Geno Benvenuto is his affability. But he turns the oft-used quip about nice guys finishing last on its head. As owner of Benvenuti & Stein, Benvenuto has grown his Evanston, Ill., company from the blue-sky dreams of a 20-something carpenter to a profitable design/build company on course to take in $9 million this year.
B&S has found its niche in the traditional and somewhat conservative metro-Chicago market by offering an expensive, custom-made product. But when Benvenuto started out, with high-school friend and drywaller Jeff Stein — whom he eventually bought out, retaining the then-established name — he did what he calls “odd jobs.”
The company took off after the pair built a garage and did landscaping and terracing for a Winnetka realtor, who began to promote them. “That was where we planted the seeds for what Benvenuti & Stein became,” Benvenuto says.
Born in Italy, Benvenuto came to the U.S. when he was five, and lived in Wilmette, Ill. Later, he worked in construction to put himself through college, and eventually took architectural and drawing classes. With remodeling he discovered his calling: “I found something I was actually good at and felt confident in, and it just flowed. It became a passion. I was the laborer, the carpenter, the everything. Toolbelt by day and sketch pad at night,” he says.
Already in 1978 he was putting the words “design” and “construction” on his signs, an early entry into Chicago's design/build market. By 1981 he took off the toolbelt and says that he hasn't put it on since. “When the wave struck, I was naked in the water,” he says. But within a few years “I realized that I needed an organization.”
Getting there was more difficult than he imagined. He purchased $6,000 worth of tools from a cabinet shop that was going under. Two cabinet makers stayed on with him, thus solidifying one of B&S' signature areas of expertise. Quality craftsmanship was, and still is, the main event. Benvenuto admits that making money “was not high on my list.” This nearly proved fatal when, in 1985, a bookkeeper absconded with funds. Benvenuto says that members of his peer review group and a client who lent him some money pulled him through.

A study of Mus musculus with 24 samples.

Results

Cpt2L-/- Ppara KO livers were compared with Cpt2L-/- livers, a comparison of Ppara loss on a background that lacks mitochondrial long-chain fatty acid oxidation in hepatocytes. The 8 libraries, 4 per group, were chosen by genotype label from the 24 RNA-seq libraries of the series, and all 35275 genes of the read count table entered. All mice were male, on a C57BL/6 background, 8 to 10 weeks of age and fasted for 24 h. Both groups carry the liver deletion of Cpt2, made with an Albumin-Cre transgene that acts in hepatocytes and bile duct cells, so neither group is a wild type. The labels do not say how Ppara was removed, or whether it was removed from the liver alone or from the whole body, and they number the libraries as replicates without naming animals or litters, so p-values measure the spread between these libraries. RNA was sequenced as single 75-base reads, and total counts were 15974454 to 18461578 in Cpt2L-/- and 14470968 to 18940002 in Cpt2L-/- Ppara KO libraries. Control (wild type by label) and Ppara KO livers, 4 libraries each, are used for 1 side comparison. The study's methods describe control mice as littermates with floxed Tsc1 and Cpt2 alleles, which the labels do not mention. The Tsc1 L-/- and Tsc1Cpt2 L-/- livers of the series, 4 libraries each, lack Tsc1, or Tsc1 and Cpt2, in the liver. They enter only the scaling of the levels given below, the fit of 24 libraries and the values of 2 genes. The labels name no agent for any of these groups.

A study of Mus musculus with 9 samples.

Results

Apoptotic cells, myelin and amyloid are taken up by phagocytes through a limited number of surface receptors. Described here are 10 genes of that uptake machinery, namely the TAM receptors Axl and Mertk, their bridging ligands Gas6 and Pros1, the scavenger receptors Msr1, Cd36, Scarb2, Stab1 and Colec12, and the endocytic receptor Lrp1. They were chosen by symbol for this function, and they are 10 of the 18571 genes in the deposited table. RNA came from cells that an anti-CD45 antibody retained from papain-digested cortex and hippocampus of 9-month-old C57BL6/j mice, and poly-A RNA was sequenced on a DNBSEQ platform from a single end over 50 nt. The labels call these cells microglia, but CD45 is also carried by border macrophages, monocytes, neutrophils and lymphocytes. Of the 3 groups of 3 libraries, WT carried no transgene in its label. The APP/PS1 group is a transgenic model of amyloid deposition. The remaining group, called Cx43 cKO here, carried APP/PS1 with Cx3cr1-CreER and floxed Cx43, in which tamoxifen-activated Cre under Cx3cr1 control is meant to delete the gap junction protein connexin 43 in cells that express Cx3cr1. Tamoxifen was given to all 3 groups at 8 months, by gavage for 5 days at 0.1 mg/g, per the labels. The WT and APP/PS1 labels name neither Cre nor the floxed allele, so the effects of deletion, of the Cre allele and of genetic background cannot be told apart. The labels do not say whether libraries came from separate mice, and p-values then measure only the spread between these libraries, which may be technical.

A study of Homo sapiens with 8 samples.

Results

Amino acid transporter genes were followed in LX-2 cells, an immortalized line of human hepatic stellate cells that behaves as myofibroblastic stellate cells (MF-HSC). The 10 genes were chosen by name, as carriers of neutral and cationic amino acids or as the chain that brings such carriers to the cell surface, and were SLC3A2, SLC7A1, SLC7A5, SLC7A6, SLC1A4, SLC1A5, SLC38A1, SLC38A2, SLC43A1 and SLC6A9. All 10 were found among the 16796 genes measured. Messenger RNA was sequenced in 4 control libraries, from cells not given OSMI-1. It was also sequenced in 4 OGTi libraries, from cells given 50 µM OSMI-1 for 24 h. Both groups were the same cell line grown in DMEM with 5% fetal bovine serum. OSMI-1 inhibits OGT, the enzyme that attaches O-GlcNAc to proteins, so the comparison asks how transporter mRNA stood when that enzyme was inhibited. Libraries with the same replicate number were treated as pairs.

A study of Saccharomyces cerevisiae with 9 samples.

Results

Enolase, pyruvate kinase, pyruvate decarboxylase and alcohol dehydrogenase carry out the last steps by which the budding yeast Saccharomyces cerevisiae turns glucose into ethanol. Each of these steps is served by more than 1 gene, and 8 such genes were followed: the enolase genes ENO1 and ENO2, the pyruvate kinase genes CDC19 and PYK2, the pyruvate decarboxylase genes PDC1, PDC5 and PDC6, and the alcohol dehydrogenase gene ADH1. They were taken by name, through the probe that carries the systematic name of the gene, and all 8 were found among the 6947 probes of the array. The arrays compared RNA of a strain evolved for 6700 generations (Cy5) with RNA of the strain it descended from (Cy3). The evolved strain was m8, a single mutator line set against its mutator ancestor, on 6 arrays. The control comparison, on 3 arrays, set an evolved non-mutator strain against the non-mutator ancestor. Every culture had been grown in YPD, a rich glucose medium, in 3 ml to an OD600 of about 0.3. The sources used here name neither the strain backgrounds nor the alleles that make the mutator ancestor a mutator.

Ben White was hired not long after as a member of the design staff, and in eight years had risen to his current position as vice president. “Geno needed the opportunity to work on the organization and not in it, and I'd like to think I afforded him that chance,” White says. As Benvenuto's foil, White says he sometimes feels “like an inside consultant, a colleague who allows Geno to do a little thinking out loud.”
It's this balance between Benvenuto, the classic self-made entrepreneur, and the more literal-minded White, that helps propel B&S forward. Says White, “Geno and I look at almost every issue from a different perspective because we're very different people. That's the strength of the relationship. But we share both trust and a common purpose.” They personify what author Stephen Covey says about good teamwork: “Strength lies in differences, not in similarities.”
Teamwork is a hallmark of B&S. “My goal,” says Benvenuto, “is to continue to build an organization that will take care of its people. I want to create opportunities for them.”
What starts at the top spreads to the company's 46 employees. “It's a good company to work for,” says Jeff Herberholz, an architect and the current head of the design department. “Geno makes every effort to nurture it like family. He's not shy about getting involved in something, but he lets people follow their own instincts.” Roberta Lamerdin, head of the home maintenance department, also speaks warmly of their “great team of conscientious people.”